Often I get pulled into unavoidable (sometimes unbearable) corporate experiences, called meetings. Some days, it seems like that only thing I have done is attend meetings! There was a time I used to scribble something on a notebook. I called it my meetings notes. (Basically, I had an accumulation of unprocessed meeting notes.)
The “wake up call” occurred one day when I spent about 20 minutes trying to find a “meeting note page”, on a meeting I attended about a month ago! Worse part was that I couldn’t remember a single thing from that meeting. (Things did fall into place when I finally found the particular page though!)
If you attend many meetings, track many projects, etc the benefit of note taking will be painfully obvious and taking meeting notes becomes a survival skill, naturally!
Yet, I am surprised at how few people bother to take notes in meetings.
Why Bother With Meetings Notes?1. The value of the meeting (in most cases) is the action taken after everyone's left the meeting room. Effective meeting notes make the difference between a productive meeting and a waste of the whole group's efforts.
2. Taking notes prevents you from zoning away into the ceiling tiles! It is a way to stay more alert and be actively involved.
3. Notes make a platform for creativity.
Pen & Paper or Electronic Notes?Recently, I put down my pen and paper and started using Microsoft OneNote. My reasons being
1. Since I have been in front of a computer all my working life, I type faster than I write. Now my notes are more comprehensive, as I am able to cover more details than before.
2. The ease of templates. From Status meetings to design meetings to …, I just have to fill in the blanks in the appropriate template.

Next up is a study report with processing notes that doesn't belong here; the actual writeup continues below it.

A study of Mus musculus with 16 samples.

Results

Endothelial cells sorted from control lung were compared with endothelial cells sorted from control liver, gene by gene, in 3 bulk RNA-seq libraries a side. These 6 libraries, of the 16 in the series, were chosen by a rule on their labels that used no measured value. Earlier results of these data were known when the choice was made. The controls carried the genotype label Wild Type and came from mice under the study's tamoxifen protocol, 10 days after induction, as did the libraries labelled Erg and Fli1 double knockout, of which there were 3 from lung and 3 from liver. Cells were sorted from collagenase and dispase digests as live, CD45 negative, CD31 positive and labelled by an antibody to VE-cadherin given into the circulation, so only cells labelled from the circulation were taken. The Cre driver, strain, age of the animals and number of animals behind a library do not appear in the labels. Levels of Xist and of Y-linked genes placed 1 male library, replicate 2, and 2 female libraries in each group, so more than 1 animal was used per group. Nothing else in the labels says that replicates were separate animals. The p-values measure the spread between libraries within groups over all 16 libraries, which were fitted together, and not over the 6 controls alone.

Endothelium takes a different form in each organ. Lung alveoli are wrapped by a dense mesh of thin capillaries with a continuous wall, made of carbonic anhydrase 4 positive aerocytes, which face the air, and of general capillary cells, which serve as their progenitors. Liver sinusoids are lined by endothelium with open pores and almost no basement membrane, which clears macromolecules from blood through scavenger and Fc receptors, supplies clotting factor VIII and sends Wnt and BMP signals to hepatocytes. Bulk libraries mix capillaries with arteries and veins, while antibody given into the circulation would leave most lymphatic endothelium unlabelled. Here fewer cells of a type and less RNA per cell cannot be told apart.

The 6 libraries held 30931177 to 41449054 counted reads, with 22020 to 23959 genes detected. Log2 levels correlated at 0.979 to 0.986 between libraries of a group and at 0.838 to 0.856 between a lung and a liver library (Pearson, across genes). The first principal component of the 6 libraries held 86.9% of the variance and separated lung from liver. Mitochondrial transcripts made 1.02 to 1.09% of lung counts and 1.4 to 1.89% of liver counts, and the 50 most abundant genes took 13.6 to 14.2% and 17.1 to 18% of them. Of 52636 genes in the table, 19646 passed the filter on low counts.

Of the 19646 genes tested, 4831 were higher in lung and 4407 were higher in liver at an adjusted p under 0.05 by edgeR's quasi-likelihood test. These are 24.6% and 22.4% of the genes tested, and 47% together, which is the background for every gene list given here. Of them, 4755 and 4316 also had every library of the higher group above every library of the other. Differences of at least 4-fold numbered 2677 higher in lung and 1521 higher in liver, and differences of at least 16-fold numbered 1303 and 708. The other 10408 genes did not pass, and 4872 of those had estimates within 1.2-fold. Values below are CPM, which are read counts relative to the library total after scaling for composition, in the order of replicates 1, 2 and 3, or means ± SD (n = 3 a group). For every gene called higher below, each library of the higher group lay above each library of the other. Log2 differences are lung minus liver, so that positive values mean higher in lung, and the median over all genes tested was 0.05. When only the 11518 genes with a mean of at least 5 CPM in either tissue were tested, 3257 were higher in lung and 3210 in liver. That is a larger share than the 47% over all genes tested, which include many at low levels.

3.It’s searchable; I am able to retrieve what I need in a few seconds.
4. Unlikely to get “lost”. With the notebook/paper, I sometimes, forget and leave it in some meeting room! The sad part is, I only realize it either when someone kindly brings it to me, or I need it for the next meeting. So having the laptop, simplifies this without a doubt.
Yes, the results have been uplifting. However, I still prefer the flexibility paper gives me to create diagrams and freely position my notes on the page. So based on the type of meeting, I use both in combination.
The processHere are a few questions that will generalize what needs to be noted.
1. Which date was the meeting?
2. What type of meeting was it?
3. Who were the participants?
4. What was the purpose of the meeting?
5. What were the topics discussed?
6. What decisions were made?
7. What were the action items and who was responsible for each?
8. Will there be follow up meetings? What needs to be addressed in those?
For a long time I was taking meeting notes without a clue of how to go about it. Through the years I have refined “what” I take as meeting notes. As with many skills, good note taking skills take time to develop!
If you put these into practice you will find yourself more efficient and effective. It will definitely have a positive effect on your productivity.
Do you already have a habit of taking notes? What do you prefer? Pen or electronic?